Andrew Christie has been announced as the chair of the children’s trust currently being developed by Birmingham City Council, on the day an Ofsted report identified ongoing failings in the city’s services.
Mr Christie, who until recently was executive director of children’s services at the triborough in London, was appointed Birmingham’s commissioner by the Department of Education last year.
The commissioner role will now be carried out by Dave Hill, executive director for people at Essex CC and president of the Association of Directors of Children’s Services.
Ofsted has repeatedly identified failings in Birmingham’s children’s services over the past decade.
The latest inspection during September and October have resulted in an inadequate rating for the city council’s children’s services being announced today. However, some improvements since the previous inspection in March 2014 were identified.
Leadership, management and governance were highlighted as a significant weakness, while support for looked after children and placements were judged to require improvement.
The report acknowledged that senior leaders and politicians had worked hard, invested “considerable resources” and reconfigured services to strengthen a focus on improvement, resulting in “significant improvements in a range of services”.
But Ofsted found key service areas were continuing to fail children and “significant barriers” to improvement remained, including inconsistency in frontline management, weak strategic planning to tackle child sexual exploitation and limited analysis of performance to develop services.
In conclusion, the report said: “This re-inspection has identified that serious and widespread failings in some services to help and protect children have not yet been tackled effectively.”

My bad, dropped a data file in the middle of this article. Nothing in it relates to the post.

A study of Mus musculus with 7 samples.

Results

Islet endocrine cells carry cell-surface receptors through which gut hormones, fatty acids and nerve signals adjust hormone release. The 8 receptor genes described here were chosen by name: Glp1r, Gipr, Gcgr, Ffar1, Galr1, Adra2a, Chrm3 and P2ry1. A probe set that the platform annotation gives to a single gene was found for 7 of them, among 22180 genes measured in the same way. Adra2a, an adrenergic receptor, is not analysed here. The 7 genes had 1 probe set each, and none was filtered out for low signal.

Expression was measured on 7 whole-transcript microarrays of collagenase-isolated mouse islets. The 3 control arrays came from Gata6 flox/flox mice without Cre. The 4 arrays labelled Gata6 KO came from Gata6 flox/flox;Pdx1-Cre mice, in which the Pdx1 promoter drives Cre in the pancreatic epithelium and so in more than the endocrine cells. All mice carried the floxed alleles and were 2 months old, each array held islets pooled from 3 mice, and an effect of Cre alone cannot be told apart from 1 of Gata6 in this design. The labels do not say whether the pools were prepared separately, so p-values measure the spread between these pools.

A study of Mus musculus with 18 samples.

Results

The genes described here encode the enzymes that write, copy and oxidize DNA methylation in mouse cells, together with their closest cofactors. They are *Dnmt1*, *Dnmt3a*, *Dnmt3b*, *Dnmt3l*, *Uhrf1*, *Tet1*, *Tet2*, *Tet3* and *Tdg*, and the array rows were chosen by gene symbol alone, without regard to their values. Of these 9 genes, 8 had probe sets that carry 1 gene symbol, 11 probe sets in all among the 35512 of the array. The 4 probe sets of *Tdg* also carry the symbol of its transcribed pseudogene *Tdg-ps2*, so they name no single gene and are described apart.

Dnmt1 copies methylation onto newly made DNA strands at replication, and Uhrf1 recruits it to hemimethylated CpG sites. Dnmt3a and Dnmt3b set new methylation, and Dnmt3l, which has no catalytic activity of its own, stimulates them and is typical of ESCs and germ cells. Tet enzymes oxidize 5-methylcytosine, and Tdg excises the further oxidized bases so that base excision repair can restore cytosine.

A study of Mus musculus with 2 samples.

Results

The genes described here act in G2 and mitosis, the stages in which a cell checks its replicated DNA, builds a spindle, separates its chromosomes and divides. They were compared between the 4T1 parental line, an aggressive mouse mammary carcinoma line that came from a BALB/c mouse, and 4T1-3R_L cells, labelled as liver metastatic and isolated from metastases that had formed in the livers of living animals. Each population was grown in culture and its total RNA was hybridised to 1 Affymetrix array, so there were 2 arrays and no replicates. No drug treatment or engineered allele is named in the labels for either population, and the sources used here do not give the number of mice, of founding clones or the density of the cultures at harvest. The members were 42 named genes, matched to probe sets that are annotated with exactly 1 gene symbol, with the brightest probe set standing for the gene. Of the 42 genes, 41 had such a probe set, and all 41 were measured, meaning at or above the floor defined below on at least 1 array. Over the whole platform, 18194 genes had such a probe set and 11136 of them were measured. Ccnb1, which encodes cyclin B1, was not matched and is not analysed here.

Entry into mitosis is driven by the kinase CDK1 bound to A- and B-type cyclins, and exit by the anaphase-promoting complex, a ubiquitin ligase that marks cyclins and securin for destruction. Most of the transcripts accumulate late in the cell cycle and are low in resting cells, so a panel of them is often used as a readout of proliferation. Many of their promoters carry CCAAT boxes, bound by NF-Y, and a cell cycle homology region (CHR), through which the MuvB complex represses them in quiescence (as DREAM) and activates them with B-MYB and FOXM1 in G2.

The council took a voluntary decision in May 2016 to move its children’s social care services into a trust model.
Two models are currently under consideration. These are a limited company or an employee-owned mutual.
Both the Commons education committee and the National Audit Office have been critical of the trust model, claiming there is currently a lack of evidence of improved outcomes for children.
But Mr Christie, who oversaw the first children’s services to be rated outstanding under the single inspection framework in Kensington & Chelsea RBC and Westminster City Council, said the establishment of a trust in Birmingham would be a “real step change”.
He added: “It will add to the capacity of the leadership, bring a sharp focus to continuing to improve social work practice and bring a real transformational change.”
Brigid Jones (Lab), Birmingham’s cabinet member for children, families and schools, said the council expected to receive an inadequate rating two years into a three year improvement plan.
She said the long-term failings were caused by a lack of political will over a number of years to provide sufficient investment in children’s services.
Cllr Jones said this led to insufficient numbers of social workers being employed, resulting in high caseloads and reduced quality of services.
She added: “We now have well-motivated staff with manageable caseloads; our social workers know their children and listen to them.
“There is a coherent model and good staff development. We have skilled and experienced social workers who are doing their job well.”